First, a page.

Disruption likely to continue in food and fibre production and consumption

A future of food beyond conventional categories

Opinion


CHANGES AFOOT: In the next decade we will see changes in food safety regulations, nutritional guidelines, grocery store layout and marketing, according to AgriFutures Australia managing director John Harvey.

COMMENT

No one can predict the future, but Agrifutures Australia, AgThentic Advisory and the Institute for the Future have teamed-up to explore what Australian food and fibre production might look like based on the growing trends and potential disruptions that are already taking hold in these industries today.

The recently released report "Future forces: a ten-year horizon for Australian agriculture" delves into the opportunities and risks in the nation's agricultural system - and all along the value chain.

Taking a closer look and making forecasts based on trends is a way for us to provoke conversations and give people a real sense of the emerging future landscape.

What we see when we look ahead is that, due to an intersection of significant forces from within and outside the agriculture sector, we are going to experience big changes to how we produce, consume and use food and fibre in the next 10 years.

The Future forces report identified a range factors driving this - from environmental changes to technological developments and new infrastructure.

The food system is becoming increasingly susceptible to intentionally misleading, incorrect information.

Rapidly maturing digital technologies and infrastructure bring new opportunities to agricultural supply chains.

Distributed energy production will become easier than ever with advances in renewable and alternatively technologies.

There will be transformation of the natural and the built world on the back of synthetic biology.

And the effects of climate change will define a new era of uncertainty.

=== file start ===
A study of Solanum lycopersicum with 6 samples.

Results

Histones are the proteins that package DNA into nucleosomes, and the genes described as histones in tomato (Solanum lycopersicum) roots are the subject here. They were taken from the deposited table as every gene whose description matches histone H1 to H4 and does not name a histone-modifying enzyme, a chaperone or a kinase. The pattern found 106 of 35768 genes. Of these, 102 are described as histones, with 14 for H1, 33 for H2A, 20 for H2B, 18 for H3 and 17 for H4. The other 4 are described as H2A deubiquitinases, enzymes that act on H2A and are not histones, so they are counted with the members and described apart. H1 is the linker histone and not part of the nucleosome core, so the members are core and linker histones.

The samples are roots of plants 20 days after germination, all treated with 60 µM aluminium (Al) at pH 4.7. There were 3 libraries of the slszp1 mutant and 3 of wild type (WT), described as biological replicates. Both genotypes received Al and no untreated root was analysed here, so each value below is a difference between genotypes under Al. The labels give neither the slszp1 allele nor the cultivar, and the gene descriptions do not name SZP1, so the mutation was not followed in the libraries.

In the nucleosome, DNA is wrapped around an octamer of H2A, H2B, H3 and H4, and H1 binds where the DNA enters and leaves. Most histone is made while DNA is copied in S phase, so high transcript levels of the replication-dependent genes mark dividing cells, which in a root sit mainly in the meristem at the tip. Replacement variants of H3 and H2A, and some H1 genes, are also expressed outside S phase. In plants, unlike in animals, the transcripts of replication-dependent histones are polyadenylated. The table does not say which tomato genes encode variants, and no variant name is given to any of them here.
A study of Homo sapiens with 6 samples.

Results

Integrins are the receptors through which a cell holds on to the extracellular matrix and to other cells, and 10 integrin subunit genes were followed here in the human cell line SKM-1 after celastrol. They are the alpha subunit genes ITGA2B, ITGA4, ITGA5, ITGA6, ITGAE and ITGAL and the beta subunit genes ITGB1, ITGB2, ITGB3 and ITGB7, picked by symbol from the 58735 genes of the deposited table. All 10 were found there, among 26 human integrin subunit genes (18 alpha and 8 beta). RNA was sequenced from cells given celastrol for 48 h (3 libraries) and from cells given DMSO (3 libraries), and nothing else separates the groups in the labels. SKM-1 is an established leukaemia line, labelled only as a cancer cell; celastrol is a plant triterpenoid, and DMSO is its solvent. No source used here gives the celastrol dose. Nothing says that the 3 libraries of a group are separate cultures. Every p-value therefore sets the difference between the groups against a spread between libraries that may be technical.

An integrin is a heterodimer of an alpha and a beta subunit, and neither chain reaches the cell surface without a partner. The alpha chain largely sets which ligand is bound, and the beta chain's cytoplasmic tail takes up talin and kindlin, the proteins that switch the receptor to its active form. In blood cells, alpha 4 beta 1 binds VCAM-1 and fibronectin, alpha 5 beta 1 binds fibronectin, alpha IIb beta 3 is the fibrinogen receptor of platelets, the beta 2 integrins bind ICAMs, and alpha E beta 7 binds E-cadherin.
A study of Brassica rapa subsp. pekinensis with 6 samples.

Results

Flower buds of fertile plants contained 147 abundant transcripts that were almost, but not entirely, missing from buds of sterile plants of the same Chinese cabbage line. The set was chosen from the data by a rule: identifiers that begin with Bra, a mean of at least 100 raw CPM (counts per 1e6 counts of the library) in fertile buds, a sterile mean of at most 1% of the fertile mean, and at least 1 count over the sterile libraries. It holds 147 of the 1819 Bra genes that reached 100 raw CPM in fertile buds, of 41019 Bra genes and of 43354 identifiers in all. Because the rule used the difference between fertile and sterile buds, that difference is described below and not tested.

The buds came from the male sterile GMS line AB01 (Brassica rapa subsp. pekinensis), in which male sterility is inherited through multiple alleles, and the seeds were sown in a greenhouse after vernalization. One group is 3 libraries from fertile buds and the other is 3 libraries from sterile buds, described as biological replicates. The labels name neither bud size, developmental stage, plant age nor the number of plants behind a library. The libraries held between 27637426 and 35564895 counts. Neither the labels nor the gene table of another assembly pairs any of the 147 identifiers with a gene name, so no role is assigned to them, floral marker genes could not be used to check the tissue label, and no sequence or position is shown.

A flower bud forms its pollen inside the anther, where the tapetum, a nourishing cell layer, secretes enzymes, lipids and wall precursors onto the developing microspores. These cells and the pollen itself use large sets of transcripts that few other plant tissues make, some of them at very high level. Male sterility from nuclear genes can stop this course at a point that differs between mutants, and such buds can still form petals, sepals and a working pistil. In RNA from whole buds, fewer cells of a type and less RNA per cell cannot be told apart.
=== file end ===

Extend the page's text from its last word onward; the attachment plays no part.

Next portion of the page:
Research suggests we will see a future of food that moves beyond conventional categories.

We have only ever had food where the flavour, nutritional elements and physical form are more-or-less inseparable.

That is to say, a banana tastes like a banana, is made up of a banana's molecular components and looks like a banana.

But the boundaries of traditional food products and their categories are starting to blur due to the rise of blended products.

These are foods where the inputs are mixed to meet the messy array of consumer demand - similar to a latte made from half cow's milk and half almond milk that caters to someone's health, taste and environmental concerns.

This is being made possible by advances in gene editing and biological programming, which - in the next 10 years - will completely disrupt the boundaries of food.

Cultured meat, customised molecular production, 3D printing and powerful artificial intelligence will allow companies to use various inputs to design products that look like one thing, taste like another and have a tailored nutritional profile.

It is not only the food itself that will be different in the future.

In the next decade, we are going to see changes to everything from regulations around food safety and standards, to nutritional guidelines, the layout of grocery stores and marketing and communications.

Everything we have built our definitions and classifications of food on is on the verge of disruption - and the one thing we know for sure is that it's going to be exciting to be a part of.

The story Disruption likely to continue in food and fibre production and consumption first appeared on Stock & Land.